EM835 week VI Infosecurity Lawyers

     I have to begin with the fact that when first reading this chapter; I felt I was not going to like it. In fact, disdain it, the pages and even the ink on the pages. After all, in my former career, an attorney was involved in every transaction that we were involved with and compliance was a department that was locked away in a secret place. I have heard every attorney joke that exists. Basically, attorneys were a necessary evil.

     Then I did a search on security breaches and found a website from a non-profit organization called Privacy Rights Clearinghouse listing every U.S. security breach bought to litigation from 2005 until its updated date of today’s writing (January 29th, 2011). Up to this date, of all cases that were litigated, the total amount was 512,334,164. (Clearinghouse, 2011)It included items such as breaches of securities by doctors signing off on patient files that they never saw, billing them and leaving their files unsecure to a simple laptop stolen from a University that contained students information, including address and social security numbers.

     My idea on security breaches were mostly going to be in large corporations that were hacked and 40 million credit card numbers were stolen, or maybe a government server was attacked that contained vital U.S. security information. Ironically in local news, Wikileaks is which immediately came to mind. It actually was in fact started as a wiki but not longer accepts edits to its sites. (Editorial, 2011) This site has been blacklisted by most web hosting companies, banks and viewed as a national threat to many countries. Those are the major items that I believe most people think of, on this type of grand scale. It is staggering to think about the amount of money that is lost, or should I say not realized lost, due to security breaches.

     The chapter 12 of Beautiful Security lists a case that went before a judge in 1944 where a barge that was unmanned, broke loose in NY Harbor and caused damage. The judge came up with a formula to determine what the liability of this case would be. The formula B is less than P times L, where B is the burden, P is the probability and L is the injury. Therefore, the burden (B) would be based on if it is lower than P times L. The author translates this case to state that “the burden on an organization to prevent an information security breach or lapse is less than the probability of that breach multiplied by the damages that could result, that organization should seriously consider taking on that burden.” (Oram & Viega, 2009) They then go on to say on how should they determine the return on security investment (ROSI). Does the organizations security dollars match their potential liability? Without going into detail of the ensuing formula, my initial thoughts were how you determine the ROSI in 2009, when a new security breach possibility arises in 2010, then re-determining the ROSI in 2010 for a new breach to raise its ugly head in 2011 and so forth. I would expect that based upon the solution cost or the cost of mitigation, the ROSI will have to be re-visited on a regular basis.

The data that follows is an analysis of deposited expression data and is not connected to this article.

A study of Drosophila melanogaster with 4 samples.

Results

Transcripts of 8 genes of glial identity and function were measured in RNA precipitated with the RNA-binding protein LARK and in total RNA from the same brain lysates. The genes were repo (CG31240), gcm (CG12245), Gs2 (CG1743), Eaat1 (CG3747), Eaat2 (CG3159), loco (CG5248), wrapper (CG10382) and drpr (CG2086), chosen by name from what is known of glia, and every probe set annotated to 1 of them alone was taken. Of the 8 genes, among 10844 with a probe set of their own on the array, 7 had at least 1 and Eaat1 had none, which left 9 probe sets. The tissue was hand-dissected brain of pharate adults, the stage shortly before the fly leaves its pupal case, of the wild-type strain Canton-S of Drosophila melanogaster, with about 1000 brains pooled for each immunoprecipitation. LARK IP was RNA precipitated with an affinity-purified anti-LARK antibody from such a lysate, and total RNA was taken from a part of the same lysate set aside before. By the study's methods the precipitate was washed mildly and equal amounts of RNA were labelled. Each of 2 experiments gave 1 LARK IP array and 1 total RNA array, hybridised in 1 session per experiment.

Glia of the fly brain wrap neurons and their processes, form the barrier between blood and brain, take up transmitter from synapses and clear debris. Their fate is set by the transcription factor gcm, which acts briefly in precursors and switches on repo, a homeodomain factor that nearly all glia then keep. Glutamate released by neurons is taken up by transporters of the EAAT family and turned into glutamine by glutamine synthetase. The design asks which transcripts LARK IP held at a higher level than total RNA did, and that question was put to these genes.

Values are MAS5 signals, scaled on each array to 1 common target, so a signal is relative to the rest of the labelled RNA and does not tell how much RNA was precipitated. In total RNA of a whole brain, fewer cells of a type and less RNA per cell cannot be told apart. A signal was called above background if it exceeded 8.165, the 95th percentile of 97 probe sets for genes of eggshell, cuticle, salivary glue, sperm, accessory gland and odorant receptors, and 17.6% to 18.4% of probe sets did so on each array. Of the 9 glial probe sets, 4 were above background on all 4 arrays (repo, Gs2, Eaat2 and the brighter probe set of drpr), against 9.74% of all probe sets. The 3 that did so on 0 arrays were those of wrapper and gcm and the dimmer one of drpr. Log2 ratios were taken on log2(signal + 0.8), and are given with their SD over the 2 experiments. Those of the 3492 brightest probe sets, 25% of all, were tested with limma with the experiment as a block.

Does an organization take a pragmatic approach to their potential security breach exposure, or wait until there is an actual problem and attempt to mitigate the problem then? I believe that the latter was the norm in early technology years and the former is now the driving forces of both IT and compliance departments. An organization can follow all of the rules and guidelines so as to comply with their state and federal regulations and still be breached, just as a company that does not comply with the laws, and remain unscathed. It is apparent to me that if an organization is going to flourish in today’s changing worlds; IT and compliance have to be best friends, even if they are a necessary evil.


Clearinghouse, P. R. (2011). Chronology of Data Breaches Security Breaches 2005-Present

from Privacy Rights Clearinghouse:

Editorial. (2011). Wikileaks. New York Daily News. Retrieved from

Oram, A., & Viega, J. (Eds.). (2009). Beautiful security: O'Reilly Media, Inc.